Benzos are commonly prescribed by doctors for patients with anxiety, sleep, panic, and seizure disorders. These medications relieve muscle tension or spasms. The problem with benzos is that they are easily addictive and available on the street. Worse yet, benzo withdrawal is one of the most difficult and lengthy types of addiction withdrawal.
About Benzo Withdrawal
Benzodiazepines (benzos) are tranquilizers or sedatives. It is easy to develop an addiction to these helpful medications because they create feelings of serenity, relaxation, and calm. Sleep is better when taking benzos. But taking them often leads right to addiction.
Tolerance is the first sign that you are using benzos too frequently. This is a condition wherein your body is accustomed to the standard dose and no longer responds as desired when you take the pills. Once you develop a tolerance, you need higher doses or more pills to feel the same effects. This is where the cycle of addiction begins.
Once addiction to benzos begins, you suffer withdrawal symptoms when you quit taking them. This will make you want more of the pills, even if your doctor stops prescribing them. This is also where many people turn to buying drugs on the street or doctor shopping to gain new prescriptions. These are “drug-seeking behaviors” common in cases of drug addiction.
Many doctors have stopped prescribing these medications because they are so addictive. They also fear the possibility of intense withdrawal symptoms patients must go through if they become addicted.
Length of Benzo Withdrawal
How long your withdrawal from benzos, also known as detox, will take depends upon multiple factors. Your personal health history, genetics, and other conditions make your detox unique. Adding to these factors are the type, frequency, and strength of the benzo use.
Benzo withdrawal usually starts within the first 24 hours after taking the last dose. If you have used benzos for only a short period of time, your withdrawal may be a few days to just over a week in duration. But if you have used strong benzos for a long period of time, a lengthy withdrawal is possible. Some people experience withdrawal symptoms for months and even years.
Short-acting benzos actually produce the most intense withdrawal symptoms. Short-acting name brands include Xanax, Ativan, and Halcion. Long-acting benzos include Valium, Klonopin, and Librium.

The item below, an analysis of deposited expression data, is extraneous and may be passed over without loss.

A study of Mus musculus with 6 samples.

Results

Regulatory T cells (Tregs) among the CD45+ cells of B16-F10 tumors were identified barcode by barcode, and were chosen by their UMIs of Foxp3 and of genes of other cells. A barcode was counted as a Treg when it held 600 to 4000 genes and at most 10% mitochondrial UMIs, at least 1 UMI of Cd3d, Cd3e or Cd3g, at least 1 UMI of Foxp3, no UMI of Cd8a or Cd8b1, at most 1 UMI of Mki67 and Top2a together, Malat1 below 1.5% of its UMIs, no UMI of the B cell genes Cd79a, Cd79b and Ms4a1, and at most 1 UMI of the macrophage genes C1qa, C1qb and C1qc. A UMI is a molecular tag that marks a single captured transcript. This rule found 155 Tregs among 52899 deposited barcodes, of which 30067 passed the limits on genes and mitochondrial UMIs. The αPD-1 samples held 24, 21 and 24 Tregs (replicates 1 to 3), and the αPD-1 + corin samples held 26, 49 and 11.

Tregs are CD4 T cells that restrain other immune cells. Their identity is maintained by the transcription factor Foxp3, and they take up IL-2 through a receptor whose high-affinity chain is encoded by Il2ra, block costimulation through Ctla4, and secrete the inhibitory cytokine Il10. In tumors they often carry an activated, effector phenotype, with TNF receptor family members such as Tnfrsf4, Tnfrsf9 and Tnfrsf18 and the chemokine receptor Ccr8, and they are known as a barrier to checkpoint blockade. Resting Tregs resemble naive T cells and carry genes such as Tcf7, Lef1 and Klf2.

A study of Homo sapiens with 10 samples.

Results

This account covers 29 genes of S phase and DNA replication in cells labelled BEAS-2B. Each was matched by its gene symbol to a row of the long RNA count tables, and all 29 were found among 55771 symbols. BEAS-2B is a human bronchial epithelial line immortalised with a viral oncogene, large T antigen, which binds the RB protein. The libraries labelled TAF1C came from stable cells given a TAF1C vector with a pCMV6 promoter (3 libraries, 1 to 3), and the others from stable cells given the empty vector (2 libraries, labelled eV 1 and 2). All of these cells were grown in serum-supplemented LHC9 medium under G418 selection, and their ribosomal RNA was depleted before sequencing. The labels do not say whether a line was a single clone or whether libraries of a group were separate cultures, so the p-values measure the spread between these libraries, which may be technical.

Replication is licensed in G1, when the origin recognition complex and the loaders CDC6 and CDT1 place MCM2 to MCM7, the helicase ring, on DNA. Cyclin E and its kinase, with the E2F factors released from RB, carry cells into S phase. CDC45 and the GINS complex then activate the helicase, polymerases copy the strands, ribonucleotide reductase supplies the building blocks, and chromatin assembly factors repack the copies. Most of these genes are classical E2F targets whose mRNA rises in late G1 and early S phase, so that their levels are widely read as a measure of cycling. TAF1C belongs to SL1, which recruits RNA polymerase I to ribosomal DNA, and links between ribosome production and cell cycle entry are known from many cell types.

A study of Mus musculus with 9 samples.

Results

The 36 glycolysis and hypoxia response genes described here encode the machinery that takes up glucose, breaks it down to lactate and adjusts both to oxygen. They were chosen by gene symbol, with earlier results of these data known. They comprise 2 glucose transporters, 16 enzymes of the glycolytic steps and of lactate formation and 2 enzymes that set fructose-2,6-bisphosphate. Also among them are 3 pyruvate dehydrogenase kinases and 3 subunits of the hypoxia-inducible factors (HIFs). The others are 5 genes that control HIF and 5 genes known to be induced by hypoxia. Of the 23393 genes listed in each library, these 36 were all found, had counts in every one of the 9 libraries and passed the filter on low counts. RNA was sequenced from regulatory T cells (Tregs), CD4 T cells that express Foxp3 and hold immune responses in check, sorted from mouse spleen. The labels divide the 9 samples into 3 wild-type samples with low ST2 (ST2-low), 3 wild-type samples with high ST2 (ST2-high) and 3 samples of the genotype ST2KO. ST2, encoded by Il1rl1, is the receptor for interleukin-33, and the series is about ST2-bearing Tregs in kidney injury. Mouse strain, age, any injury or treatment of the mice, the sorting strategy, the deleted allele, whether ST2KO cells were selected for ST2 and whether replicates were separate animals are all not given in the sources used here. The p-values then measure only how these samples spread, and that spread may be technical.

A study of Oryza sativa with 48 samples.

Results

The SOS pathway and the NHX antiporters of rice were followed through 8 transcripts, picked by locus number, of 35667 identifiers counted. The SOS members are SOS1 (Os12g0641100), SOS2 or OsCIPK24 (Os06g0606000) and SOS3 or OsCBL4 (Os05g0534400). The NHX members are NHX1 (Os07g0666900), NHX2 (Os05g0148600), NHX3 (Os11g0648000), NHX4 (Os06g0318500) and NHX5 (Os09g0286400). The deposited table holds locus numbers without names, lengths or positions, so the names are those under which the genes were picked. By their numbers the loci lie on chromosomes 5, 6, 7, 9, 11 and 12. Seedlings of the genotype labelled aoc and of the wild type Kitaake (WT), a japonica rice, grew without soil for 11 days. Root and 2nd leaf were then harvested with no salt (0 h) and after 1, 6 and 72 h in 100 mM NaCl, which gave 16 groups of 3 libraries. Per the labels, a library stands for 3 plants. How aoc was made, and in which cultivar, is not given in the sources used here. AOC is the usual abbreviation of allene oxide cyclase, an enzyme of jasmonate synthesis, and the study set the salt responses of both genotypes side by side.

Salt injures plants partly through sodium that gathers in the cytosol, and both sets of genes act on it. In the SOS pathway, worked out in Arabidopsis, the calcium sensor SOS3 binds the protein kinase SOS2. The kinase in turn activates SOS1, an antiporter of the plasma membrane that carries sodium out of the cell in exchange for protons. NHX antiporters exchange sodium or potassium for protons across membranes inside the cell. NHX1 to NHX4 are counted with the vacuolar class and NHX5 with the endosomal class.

Withdrawal symptoms include:
- Panic attacks
- Rebound anxiety
If you take benzos to relieve anxiety or insomnia, you may suffer higher anxiety or sleeplessness when you quit taking them. These intense conditions are rebound effects. Rebound effects usually go away in about two to three days. Even if you have never had these feelings before, they may begin as a rebound effect of benzo withdrawal.
Benzo Detox and Rehab Are Your Paths to a Better Life
Simply getting through detox is not enough to permanently end your addiction problems. You need therapy to get to the root of why you fell into substance abuse in the first place. You may be surprised to learn that you have one of several co-occurring disorders like depression or anxiety that may have set you on this destructive path. By knowing why you became addicted, you can gain the treatment you need to stay away from drug abuse for the rest of your life.
If you or someone you love suffers from benzos addiction and needs a fresh start toward a better life, help is available. At 1st Step Behavioral Health in Pompano Beach, Florida, multiple programs are available to put you or your loved one back on track. At 1st Step Behavioral Health, you or your loved one will engage in a variety of therapies to grow from addiction into a healthier, happier life. Extensive support both through and after rehab at 1st Step can keep you on track, even when you struggle with thoughts of relapse.
Call 1st Step Behavioral Health at 866-319-6123 for more information about available programs. Make this call now to leave benzos and other substances far behind you.